Sunday, September 16, 2012

The Early Bird Gets The Worm

but the second mouse gets the cheese.   Old joke.

Cruisers and liveaboards are like everyone else.  We all need other hobbies and interests besides boating.  I have several.  Although I haven't in some time, I like to play guitar.   I like to write, as evidenced by this blog.  I enjoy photography.  I also like antiques, including automobiles.

My dad retired early, at age 60.   For the first ten years he was very active.  He played softball in an old timers' league and he traveled quite a bit, including his beloved Ireland.  But when he hit 70 he slowed down.  He couldn't play softball anymore, and he couldn't rent a car in Ireland.   They don't rent to anyone 70 or older there.  He wasn't doing much of anything and I was concerned.  If you sit, you rust.

In his younger days, he was a great shade tree mechanic.  Friends and relatives would bring their cars to him for tune ups and such.  Mom often sent me out to the garage to help.  My job was to hold the flashlight and to search through the pretzel can for nuts and bolts.  Dad had this pretzel can that he tossed nuts and bolts in from various projects.  He would hand me a bolt and tell me to look in the can for a matching nut.

"I can't find it Dad.  It's not in here."

"Keep looking.  It's in there."

I've always loved antiques, and like my dad, I've always loved automobiles.  I called Dad one day and suggested that he buy a classic or antique car.   "Oh no," he said, "I would never spend money on something silly like that."

"You're not spending money," I replied, "you're investing in something different, something fun.  You can't play with stocks and bonds on the living room floor, can you?"

A short time later, Dad called to announce that he had purchase a 1956 Ford Thunderbird from Amos Minter in Dallas Texas.   Minter specializes in restoring "early birds", Thunderbirds from 1955 - 1957.  I went to see it when it was delivered.  While we were looking at it and admiring it, this is what he said...

"Do you remember the 1956 Ford Fairlane I had when you were a kid?"

"The blue and white four door?  Sure."

"Well, what I really wanted was a Ford Thunderbird, but I didn't buy one.  Do you know why?"

"No, no idea.  Why?"

"Because the Thunderbird was a two seater, and Ma and I had you and so I needed a back seat."

So at age 72, Dad finally had his Thunderbird.  He had a ball with that car, and loved it so much that he bought a '57 T-bird for his winter house in Arizona.   He passed away a couple of years ago, and in his will he left his '57 to my sister, and his '56 to me.  It's with me now here in Georgia.

Dad's house had to be cleared out.  His wife was moving back to Arizona.  She and my sister discussed his personal things, and furniture and such.  They asked what I wanted.  I didn't want much of anything.  I've never been one to care much for material things.  I had Dad's Thunderbird, after all.  But I also took this.

Yep.  It's right here on the boat.  And yes, I've used it to look for various nuts and bolts.  The pretzel can is magic.  Whatever nut or bolt I need, it's in there.  Just keep looking.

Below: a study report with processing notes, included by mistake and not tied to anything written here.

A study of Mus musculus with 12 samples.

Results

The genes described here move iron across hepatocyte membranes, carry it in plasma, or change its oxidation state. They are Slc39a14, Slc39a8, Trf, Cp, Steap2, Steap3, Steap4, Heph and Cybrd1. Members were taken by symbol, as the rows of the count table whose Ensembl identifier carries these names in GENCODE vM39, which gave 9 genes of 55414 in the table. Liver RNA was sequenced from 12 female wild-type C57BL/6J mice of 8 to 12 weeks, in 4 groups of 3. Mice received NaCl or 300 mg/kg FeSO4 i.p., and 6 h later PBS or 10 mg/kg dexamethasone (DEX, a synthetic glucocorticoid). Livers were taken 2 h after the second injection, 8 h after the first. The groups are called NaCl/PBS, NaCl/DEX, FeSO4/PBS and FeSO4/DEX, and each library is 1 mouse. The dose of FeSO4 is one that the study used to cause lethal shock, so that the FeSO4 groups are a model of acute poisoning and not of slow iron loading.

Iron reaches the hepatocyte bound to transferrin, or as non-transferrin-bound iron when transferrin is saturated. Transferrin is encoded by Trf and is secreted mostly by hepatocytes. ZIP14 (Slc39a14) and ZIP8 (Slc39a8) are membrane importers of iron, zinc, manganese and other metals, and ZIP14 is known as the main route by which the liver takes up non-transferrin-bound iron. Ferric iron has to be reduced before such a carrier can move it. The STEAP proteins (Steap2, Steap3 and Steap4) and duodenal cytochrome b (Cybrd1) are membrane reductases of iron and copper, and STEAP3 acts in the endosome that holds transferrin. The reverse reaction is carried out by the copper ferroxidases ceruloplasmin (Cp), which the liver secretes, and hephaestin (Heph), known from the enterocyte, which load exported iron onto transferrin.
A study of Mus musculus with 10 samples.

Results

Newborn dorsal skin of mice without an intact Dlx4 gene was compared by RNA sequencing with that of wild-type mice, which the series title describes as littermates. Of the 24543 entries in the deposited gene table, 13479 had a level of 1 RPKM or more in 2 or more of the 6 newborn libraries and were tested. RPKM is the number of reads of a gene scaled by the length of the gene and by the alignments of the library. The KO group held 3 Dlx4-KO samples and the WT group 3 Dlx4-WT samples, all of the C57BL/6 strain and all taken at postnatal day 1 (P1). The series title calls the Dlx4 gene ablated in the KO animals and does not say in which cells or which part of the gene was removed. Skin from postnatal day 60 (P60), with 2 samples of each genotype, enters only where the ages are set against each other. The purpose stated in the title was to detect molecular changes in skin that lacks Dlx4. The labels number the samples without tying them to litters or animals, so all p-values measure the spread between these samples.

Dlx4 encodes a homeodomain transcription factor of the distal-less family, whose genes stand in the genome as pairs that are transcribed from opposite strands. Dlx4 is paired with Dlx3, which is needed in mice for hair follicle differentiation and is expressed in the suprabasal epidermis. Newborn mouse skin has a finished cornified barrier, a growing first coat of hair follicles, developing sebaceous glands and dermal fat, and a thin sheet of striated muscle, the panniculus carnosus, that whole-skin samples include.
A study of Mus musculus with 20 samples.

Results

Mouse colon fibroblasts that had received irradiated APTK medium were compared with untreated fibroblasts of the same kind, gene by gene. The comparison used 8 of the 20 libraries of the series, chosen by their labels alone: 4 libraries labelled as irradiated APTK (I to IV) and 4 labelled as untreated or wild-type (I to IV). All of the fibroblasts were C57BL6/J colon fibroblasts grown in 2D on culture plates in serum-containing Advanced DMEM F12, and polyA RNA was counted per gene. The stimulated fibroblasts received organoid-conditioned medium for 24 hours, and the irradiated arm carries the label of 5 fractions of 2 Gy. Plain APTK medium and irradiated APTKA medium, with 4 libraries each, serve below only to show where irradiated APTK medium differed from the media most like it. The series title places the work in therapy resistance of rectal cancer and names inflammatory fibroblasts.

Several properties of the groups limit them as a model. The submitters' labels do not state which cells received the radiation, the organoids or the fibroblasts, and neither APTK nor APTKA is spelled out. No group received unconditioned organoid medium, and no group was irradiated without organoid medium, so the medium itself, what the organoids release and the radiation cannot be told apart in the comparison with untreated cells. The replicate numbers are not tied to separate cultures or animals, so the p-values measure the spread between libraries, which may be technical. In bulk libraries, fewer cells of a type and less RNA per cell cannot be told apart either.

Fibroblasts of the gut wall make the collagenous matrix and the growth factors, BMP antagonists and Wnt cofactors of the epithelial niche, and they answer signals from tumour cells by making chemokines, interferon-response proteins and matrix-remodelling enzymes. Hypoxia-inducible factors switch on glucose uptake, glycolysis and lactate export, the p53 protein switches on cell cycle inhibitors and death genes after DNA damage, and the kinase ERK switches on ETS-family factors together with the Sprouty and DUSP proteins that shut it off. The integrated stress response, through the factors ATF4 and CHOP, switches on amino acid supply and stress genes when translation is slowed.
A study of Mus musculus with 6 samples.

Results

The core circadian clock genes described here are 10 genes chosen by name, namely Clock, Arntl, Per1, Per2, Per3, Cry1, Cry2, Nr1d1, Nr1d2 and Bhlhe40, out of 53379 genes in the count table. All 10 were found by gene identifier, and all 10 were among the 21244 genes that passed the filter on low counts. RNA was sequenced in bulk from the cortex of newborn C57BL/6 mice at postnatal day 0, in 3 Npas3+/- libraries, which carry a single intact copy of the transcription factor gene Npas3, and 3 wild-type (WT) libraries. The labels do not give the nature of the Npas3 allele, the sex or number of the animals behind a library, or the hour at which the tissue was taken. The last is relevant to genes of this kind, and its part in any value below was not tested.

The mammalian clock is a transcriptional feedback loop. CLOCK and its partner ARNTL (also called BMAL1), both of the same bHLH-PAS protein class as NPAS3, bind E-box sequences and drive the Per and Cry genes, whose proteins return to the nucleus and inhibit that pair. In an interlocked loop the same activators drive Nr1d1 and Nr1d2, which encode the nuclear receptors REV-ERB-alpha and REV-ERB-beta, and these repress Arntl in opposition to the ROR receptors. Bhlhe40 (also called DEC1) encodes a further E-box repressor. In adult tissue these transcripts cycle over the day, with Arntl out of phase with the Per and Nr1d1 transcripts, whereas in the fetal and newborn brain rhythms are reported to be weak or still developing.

1. Nice story, Dave. I remember back in the mid-60's my dad needed an inexpensive car. A friend found him a deal on a red and white 56 Ford wagon like the 2 door in your photo. My dad always wanted a Lincoln. Finally in his late 70's he bought himself a Towncar. Not nearly as cool as a T-Bird but it made him happy.

  2. Heh. My late father-in-law was a lifelong marine mechanic and introduced me to the idea of a "Lucky Box." As in, if you're lucky, you'll find the nut, bolt, washer, etc that you need. I've continued the tradition and every now and then amaze my bride by producing "at no cost, and with no trip to the store" the item to get a repair done. It's fun.


  3. Don't know if you like to read or what genre you prefer but I have an author in mind you might enjoy. Cormac McCarthy. One of his books "The Road" won a Pulitzer. Among his other works he has what's called "The Border Trilogy" as you might imagine is three western books and are quite good. He has an unusual way of writing as he uses no punctuation to speak of except periods to end a sentence. I have read four of his books so far with "Suttree" being his Magnum Opus as most of his reviewers will tell you. His books are taught in University Lit classes around the country. There is even a Cormac McCarthy Society that you can join for a fee but you'll see mostly University Profs there. The man is pushing 80 and his books still sell like hot cakes. Give him a Google. I think you and the Missus will enjoy reading this author.

  4. Having both worked in and owned a bookstore for a good part of my adulthood, I am well aware of Cormac McCarthy. Not my cup of tea, although, his books are a hit. I have tried, on several occassions, to read his books and I must say "the Road" is the one most often recommended, but I just can't get passed the first fifty pages. I used to force myself to finish books. I don't anymore. Thanks for the recommendations.... You are right, I think Dave would enjoy him.

  5. Speaking of books, Dave has a talent with words. Has he ever considered writing a book? The hard part is not the writing itself, but writing something that someone will not only read but pay for out of their pockets.